All week, R and I had been trying to decide where to go after we got our bar exam results. Good or bad, we knew we were going to want some good food and a beer. We just had an amazing (expensive) steak dinner at David Burke’s in Chicago not too long ago, so we decided somewhere more casual would be just find with us. After tossing around the idea of a DTLA or Pasadena happy hour, we decided we both deserved to get nice and boozy. We didn’t feel like taking the train (yes, LA has a Metro rail), so we decided to check out a Salvadoran restaurant that’s about a 10 minute walk from our home.
El Buen Sabor is located in Mt. Washington, where we normally tell Angelenos we live because no one has ever heard of Montecito Heights. At first look, the restaurant looks “fast-foody” with its plastic booths and dishes and those red plastic baskets for chips or fries. It reminded me of a place early twenty-somethings would stumble into post-bar (the other kind of bar) in Lakeview, Chicago. But, after hanging out there for three hours, we realized El Buen Sabor is much more than a place you stop in for a quick burrito.
First, the beer. We opted for the Salvadoran beer because why not? The Regia is pretty much your standard mass-produced lager, but with a bit more flavor than Tecate. It was served in a frosty cold mug, which makes everything better.
Next, the food. I really liked my chili relleno stuffed with pork. The meat was juicy and whole dish was packed with flavor. R said his burrito was okay, but not wet enough for him. That man loves two things: wrapped foods and wet foods; combine them and you’ve got one happy R. I also really liked the mixed pupusa with pork, beans, and cheese served with a cabbage slaw and a red spicy sauce.
Saving the best for last, the people. This is definitely a restaurant where we “stuck out” as being the only non-Latino/a people. I noticed a couple curious looks when we first sat down. Nothing offensive like, “What are they doing here.” More like, “Hmm, I wonder how they found this place.” While we were drinking our beer another customer who looked very much like a Latin Gene Simmons asked us if we liked the Salvadoran beer. He seemed genuinely friendly and interested in us and impressed that we went with the Regia (although, now that I think about it no one else in the restaurant was drinking it, so maybe he was wondering why were were drinking that instead of a Bud Light).
Toward the end of the meal they started the karaoke. I fought back the urge to sing that’s coded in my Korean DNA and listened as a woman sang Hotel California and a series of Spanish songs. At this point, there were maybe six tables of people who all seemed to know each other enjoying the music.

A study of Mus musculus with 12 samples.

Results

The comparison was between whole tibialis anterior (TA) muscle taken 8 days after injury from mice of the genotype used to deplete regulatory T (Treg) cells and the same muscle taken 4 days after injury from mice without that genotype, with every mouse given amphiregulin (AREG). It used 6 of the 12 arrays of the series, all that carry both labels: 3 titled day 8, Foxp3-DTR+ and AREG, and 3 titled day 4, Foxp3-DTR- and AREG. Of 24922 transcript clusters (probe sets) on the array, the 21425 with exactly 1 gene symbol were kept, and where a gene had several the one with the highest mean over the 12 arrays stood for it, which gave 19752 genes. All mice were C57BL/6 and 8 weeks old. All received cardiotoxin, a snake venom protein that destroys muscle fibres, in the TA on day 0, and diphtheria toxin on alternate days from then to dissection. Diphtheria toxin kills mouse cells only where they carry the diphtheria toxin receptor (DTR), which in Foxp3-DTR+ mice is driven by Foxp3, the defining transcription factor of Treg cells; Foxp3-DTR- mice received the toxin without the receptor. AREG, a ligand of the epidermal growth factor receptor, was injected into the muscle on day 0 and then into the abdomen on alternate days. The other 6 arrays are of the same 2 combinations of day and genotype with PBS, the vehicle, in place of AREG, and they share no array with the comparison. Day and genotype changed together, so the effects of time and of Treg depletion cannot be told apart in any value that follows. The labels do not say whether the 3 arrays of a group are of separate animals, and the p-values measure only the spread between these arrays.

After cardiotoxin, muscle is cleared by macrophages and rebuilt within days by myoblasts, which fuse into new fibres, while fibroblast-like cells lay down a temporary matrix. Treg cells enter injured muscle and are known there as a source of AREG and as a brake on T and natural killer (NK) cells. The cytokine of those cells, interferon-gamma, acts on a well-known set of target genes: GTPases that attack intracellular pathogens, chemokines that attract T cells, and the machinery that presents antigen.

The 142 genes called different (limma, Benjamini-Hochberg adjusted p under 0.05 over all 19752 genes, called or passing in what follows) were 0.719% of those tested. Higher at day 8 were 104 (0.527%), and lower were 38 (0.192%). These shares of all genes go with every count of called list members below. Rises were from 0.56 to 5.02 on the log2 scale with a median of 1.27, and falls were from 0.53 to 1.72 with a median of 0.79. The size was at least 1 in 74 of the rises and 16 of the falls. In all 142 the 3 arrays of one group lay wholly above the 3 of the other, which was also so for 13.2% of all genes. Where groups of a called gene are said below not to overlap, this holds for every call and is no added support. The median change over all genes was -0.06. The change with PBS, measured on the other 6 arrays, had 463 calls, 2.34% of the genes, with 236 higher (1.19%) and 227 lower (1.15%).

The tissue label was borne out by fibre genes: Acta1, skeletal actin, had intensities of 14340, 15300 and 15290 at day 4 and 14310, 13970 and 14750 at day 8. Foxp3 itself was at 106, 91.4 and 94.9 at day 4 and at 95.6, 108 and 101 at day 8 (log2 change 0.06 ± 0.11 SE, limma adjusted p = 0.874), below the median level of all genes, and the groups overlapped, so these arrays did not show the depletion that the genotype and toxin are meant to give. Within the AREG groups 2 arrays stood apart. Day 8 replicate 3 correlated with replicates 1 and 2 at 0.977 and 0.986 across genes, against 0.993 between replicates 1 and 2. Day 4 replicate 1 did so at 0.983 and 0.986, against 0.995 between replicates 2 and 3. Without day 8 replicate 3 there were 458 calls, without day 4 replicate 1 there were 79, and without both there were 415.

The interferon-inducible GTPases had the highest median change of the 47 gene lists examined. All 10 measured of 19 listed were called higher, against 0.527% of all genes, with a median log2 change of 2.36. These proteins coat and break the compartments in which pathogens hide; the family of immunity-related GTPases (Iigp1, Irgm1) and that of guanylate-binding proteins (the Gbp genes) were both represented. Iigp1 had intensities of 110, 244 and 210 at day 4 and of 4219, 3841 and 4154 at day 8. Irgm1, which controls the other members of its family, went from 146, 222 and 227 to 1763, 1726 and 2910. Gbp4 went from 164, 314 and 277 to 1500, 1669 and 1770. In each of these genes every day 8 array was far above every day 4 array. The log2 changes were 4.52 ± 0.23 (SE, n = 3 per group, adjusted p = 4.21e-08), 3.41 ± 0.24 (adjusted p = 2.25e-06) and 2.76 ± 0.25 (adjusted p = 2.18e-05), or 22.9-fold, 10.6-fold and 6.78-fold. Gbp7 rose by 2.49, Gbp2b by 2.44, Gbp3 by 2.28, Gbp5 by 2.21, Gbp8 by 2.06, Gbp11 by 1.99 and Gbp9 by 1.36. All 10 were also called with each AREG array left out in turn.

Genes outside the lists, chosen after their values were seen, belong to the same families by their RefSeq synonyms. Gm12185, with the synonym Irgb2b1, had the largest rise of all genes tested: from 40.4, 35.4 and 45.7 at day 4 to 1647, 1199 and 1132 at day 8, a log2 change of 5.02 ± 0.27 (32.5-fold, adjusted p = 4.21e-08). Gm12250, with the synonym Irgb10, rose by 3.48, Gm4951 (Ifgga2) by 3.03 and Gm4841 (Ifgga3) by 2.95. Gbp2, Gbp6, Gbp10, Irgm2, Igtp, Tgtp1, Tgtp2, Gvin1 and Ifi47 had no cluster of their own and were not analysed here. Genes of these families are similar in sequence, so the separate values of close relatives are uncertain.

As we were getting ready to pay and head out, a man motioned for us to join us. I wasn’t sure at first if he meant us, but since we were the only ones on that side of the restaurant, it seemed like a logical conclusion. R and I thought, why not?, and joined them. After introductions with our new friends, a group of 50-something year old El Salvador-born Angelenos, we ordered another beer. They were so friendly and welcoming and kept trying to get us to sing.
One man in particular really took an interest in us. Tito asked us where we were from, how old we were, and a bunch of other questions that prompted his wife to jokingly scold him for being so nosy. In his slightly “broken” English, he told us that we looked very happy and happiness is everything. He told us he had been married for 35 years and that love is everything. He gestured to me, Korean, and R, not Korean, and said, that us together was beautiful and said, “Race? Bullsh!t. It’s just love.”
By the end of our night, karaoke turned into more of an actual show with Latin Gene Simmons on guitar and one of our new friends singing. Before their first song, our new friend said something in Spanish but I was able to pick out my name, “Korea”, and R’s name. We said our goodbyes and thanked them for inviting us over. They thanked us for joining them and invited us to come again the next night when the duo would be performing again. As we were leaving, R pointed out that they had just started to play Stairway to Heaven and were probably playing it for us because they stopped once we walked out.
So, after finding out that we passed the hardest bar in the country, we didn’t go to a fancy restaurant, we didn’t get wasted (although those were some pretty big beers), and we didn’t do anything that could potentially get us disbarred (a favorite saying among lawyers). But, I did get to hang out with my favorite, eat good food, and connect with some really nice people whose warmth just put a big smile on my face all night. A pretty awesome way to celebrate, if you ask me.